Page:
Ask Robb: Prices for Mediterranean Vacations Are Out of Control—Where Should My Family Go Instead?

Welcome to Ask Robb. At Robb Report, we’ve assembled a crack team of the world’s best travel specialists, our Travel Masters. Their expertise and insight in luxury travel of all kinds is unparalleled. So we’re tapping into it directly for a new series, where our readers—that’s you—pose the pickiest travel problems to the panel. These aren’t workaday issues, whether wrangling a refund or booking a guide, but rather the unique, specific challenges that only veteran globetrotters face.

Dear Robb Report: I couldn’t quite believe it when I asked my travel specialist to price out our usual Mediterranean getaway for this summer. I knew prices would be higher than before the pandemic, and it’s not that I can’t afford it, but I refuse to believe that a basic room at a five-star hotel is worth $2,700 per night in Capri come July or August. I’m now regularly seeing rooms costing north of $2,000, and the prices of a suite are even wilder now—we usually need two or three rooms for the kids, and perhaps my mother if she wants to join us.  But what can I do? Are there other destinations that might offer better value? Or a different way to approach the Med that will mean I feel less ripped-off? I want the same sense of exclusivity and the same scene, but better value for money. Yours, Five-Star Fiona.


It isn’t just Italy and France where value for money is hard to find. Prices in Croatia have skyrocketed, too, notes Gary Portuesi of Authentic Explorations—in part, he suggests, because the country adopted the Euro earlier in 2024, an ideal excuse for upcharging. “Prices have doubled there in the past two years,” he says.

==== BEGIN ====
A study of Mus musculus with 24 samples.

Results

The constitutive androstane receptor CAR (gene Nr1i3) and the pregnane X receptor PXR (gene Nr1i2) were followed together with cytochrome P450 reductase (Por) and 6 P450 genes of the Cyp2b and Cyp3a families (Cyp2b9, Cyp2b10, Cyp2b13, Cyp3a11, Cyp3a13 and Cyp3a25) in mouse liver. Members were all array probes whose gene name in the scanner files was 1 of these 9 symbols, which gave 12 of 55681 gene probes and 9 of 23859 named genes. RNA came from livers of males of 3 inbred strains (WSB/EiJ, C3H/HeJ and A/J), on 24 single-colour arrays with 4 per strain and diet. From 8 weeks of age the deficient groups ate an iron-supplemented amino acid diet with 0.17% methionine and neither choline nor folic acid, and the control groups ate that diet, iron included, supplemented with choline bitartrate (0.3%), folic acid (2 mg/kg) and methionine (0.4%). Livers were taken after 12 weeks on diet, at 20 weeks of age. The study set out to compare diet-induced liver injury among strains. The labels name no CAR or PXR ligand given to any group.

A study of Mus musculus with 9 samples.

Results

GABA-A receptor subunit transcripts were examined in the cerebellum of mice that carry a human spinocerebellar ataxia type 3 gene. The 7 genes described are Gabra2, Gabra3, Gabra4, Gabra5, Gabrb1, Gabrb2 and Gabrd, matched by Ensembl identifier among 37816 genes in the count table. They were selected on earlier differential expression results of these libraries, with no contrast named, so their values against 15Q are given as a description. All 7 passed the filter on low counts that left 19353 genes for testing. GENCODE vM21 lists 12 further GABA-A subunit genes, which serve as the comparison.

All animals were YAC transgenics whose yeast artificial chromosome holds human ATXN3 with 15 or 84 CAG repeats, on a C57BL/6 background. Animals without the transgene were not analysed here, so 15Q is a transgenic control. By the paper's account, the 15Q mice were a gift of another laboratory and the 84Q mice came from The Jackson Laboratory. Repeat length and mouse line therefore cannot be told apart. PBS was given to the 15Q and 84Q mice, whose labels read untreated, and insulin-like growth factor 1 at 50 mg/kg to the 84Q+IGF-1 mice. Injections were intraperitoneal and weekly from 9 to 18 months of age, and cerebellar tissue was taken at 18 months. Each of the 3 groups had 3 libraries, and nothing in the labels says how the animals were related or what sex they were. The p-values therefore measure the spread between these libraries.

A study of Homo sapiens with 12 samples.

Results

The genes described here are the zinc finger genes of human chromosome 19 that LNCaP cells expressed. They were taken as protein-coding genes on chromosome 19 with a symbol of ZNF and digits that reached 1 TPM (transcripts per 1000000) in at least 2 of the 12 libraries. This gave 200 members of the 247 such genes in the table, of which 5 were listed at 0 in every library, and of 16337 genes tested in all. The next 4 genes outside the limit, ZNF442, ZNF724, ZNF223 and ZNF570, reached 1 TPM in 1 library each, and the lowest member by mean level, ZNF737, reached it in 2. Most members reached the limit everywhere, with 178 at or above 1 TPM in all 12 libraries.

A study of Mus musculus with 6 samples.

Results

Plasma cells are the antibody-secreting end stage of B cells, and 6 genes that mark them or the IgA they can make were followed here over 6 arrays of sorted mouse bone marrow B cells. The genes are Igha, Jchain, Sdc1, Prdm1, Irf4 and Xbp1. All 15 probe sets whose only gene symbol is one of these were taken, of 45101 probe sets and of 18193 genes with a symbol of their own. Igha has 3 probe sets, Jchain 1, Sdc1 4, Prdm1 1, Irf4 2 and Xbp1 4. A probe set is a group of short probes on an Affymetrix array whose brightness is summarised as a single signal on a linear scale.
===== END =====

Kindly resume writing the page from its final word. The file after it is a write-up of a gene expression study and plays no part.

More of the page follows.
Six Senses Kaplankaya
The Six Senses Kaplankaya offers excellent value with all the Med perks.

One place where the currency languishes against every international exchange: Turkey. Its lira continues to hit record lows against the greenback. In January, for example, it was 37 percent weaker vs the dollar compared with just 12 months earlier. As a result, luxe options remain a relative steal, says Sandy Cunningham of Uncharted, who’s a particular fan of the Six Senses Kaplankaya near Bodrum.

“It has a massive spa, more than 100,000 square feet, and is a great option when we have clients who want to be on the coast,” says Cunningham. (Another destination where luxe is on offer for less right now? Japan, where the yen continues to struggle against the dollar, too—sinking to its lowest level since 1990 a few months ago).

Otherwise, consider swapping out not the destination but the accommodation style, booking a villa rather than a suite or two. These are likely to be better value than a few rooms at a five-star hotel if you’re traveling with children, or some friends.

“If there are six of you, that’s when the value for money kicks in,” says Ileana von Hirsch, of Five Star Greece, who has particular expertise in the villa sector. She notes that her clients are now often staying much longer in the Med than they might have done, say, 10 years ago, booking three weeks rather than one, perhaps.

“It’s all thanks to remote working, so they’re more than  happy to stay, as long as they have good office facilities and satellite internet,” von Hirsch adds. “And for a long stay like that, villas represent even better value for money.”

Emerging islands will offer even better value, of course: Lesbos is a new option for von Hirsch, which she has recently scouted and returned with raves.

“It looks like Delphi, but with nobody there, and it’s under the tourist radar but has an international airport and a huge forest in the middle,” she says. “Lovely properties there would be twice the price in Paros or Antiparos.”